Friday, July 21, 2006
A comedy of ales
As I mentioned in an earlier post, Matt and I, along with our friend Hilary, brewed a batch of beer - our first in over a year I believe. Matt packed the necessary equipement in the trunk of his car and headed over to my place. We stopped by Things Beer in Webberville for some malt, barley, hops and yeast.
Now, brewing beer is not exactly like riding a bicycle. Just because you had it figured out before doesn't mean you'll return hitting the ground running... or, biking. Well, maybe you will if you have all the proper equipment. Part way through the process, we realized we were missing a few things. Brewing beer is not that hard, but it helps enormously to have good quality brewing gear. Otherwise, you'll end up doing what we did at my house:
In the first stage of brewing, you put all your grains in "grain bags" which are sort of a cross between a sock and a tea bag. You put these socks in a pot with a few quarts of water to get all the flavor out of them, making several quarts of what is basically a beer concentrate. In step one, we were missing a thermometer, so we used a meat thermometer. It would have been fine except we kept almost burning ourselves trying to use it. On top of that, the temperature of the wort (beer concentrate) fluctuated wildly. And when we finally thought we had it holding steady, it turned out that the temperature was only steady in the middle of the pot and it was ten degrees hotter near the edge. I don't know what happens when you let this happen to your beer, but we're gonna find out as soon as it's ready to drink.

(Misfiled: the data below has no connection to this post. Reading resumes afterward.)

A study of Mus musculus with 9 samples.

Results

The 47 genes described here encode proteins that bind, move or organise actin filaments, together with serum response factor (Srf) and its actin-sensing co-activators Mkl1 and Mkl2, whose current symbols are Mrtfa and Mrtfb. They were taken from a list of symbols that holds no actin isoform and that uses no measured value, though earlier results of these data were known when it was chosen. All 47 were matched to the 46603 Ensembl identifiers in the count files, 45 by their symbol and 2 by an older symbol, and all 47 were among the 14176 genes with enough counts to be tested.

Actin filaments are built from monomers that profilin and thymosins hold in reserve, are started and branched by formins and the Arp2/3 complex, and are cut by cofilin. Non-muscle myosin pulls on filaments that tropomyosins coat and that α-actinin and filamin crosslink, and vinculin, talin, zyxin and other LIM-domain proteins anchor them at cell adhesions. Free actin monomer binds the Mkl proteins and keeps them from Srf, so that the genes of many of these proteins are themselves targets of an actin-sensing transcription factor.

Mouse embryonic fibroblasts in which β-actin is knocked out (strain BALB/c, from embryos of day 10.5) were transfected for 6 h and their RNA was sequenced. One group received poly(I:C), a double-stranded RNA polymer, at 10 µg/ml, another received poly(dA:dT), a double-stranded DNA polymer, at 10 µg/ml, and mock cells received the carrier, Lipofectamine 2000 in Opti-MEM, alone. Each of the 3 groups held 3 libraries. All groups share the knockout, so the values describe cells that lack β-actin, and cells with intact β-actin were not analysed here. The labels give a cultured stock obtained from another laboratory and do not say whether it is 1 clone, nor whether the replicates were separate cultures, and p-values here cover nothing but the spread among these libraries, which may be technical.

In the second stage, we tranferred the wort to a bigger pot to boil for an hour with the hops and an extra gallon of water. No major messes here.
In the third stage, we attempted to filter the beer into the fermenting tank. At this point, there's lots of residue from the grains and hops making the beer cloudy. Having lost the funnel/filter we used to have, we were forced to use a grain sock to pour the beer through. This was a three person ordeal in my backyard with Matt and I using potholders to handle the cumbersome six gallon boiling pot and Hilary trying to steady the kitchen funnel we found with a grain sock stretched over it. It was messy.
The beer is now fermenting happily in my basement. I'm pleased to announce that on Thursday I measured its gravity and it's ready to be bottled. After that it will be roughly another week before it's ready to drink. Keep your fingers crossed!